Likely closure can't stop CMS termination
Despite meeting criteria for “irreparable injury,” a Rochester, NY-based skilled nursing facility that is appealing Medicare and Medicaid termination can't qualify for a stay of termination, a federal judge has ruled.
Blossom South Nursing and Rehabilitation Center had its Medicare and Medicaid provider agreement terminated in August 2013 after numerous deficiencies, according to court documents. Citing alleged due process violations, the 160-bed skilled nursing facility then sued the Centers for Medicare & Medicaid Services and the New York State Department of Health. When a judge upheld CMS' decision to terminate the facility's provider agreement and a U.S. District Court dismissed the due-process case, Blossom appealed the district court's dismissal and requested a stay that would keep the provider agreement active throughout the appeals process.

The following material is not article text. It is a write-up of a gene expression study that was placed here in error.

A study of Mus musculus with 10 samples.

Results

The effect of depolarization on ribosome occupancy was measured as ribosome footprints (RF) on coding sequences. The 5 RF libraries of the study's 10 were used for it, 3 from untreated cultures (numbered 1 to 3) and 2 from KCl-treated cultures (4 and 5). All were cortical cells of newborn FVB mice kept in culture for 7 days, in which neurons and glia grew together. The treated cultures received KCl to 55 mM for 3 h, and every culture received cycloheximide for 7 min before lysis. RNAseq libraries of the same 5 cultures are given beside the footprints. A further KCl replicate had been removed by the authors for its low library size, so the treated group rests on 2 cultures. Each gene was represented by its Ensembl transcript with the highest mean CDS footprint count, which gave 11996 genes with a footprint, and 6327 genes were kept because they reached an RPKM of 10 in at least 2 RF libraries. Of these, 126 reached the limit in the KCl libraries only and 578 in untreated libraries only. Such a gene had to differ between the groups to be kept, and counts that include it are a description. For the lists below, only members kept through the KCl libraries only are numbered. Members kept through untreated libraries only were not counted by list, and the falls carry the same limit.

Blossom met the stay of termination criteria for “irreparable injury” — damage that could force the facility to close its doors if a stay were not issued during the appeal. However, Blossom did not meet three other requirements for such a stay, ruled District Judge David G. Larimer. One of the criteria is demonstrating that the facility has a “likelihood of success” in its appeal, based on the merits of the case.
“In light of plaintiff's minimal chances of success on appeal, as well as the significant interests at stake with respect to the public, the residents of Blossom South, and the governmental bodies that have been charged by law with their protection, I find that the relief requested is not warranted,” Larimer wrote.
A ruling isn't expected from the appeals court until at least mid-March, when Blossom's Medicare and Medicaid reimbursements cease. In the meantime, Larimer acknowledged that “many residents are likely to leave Blossom South.”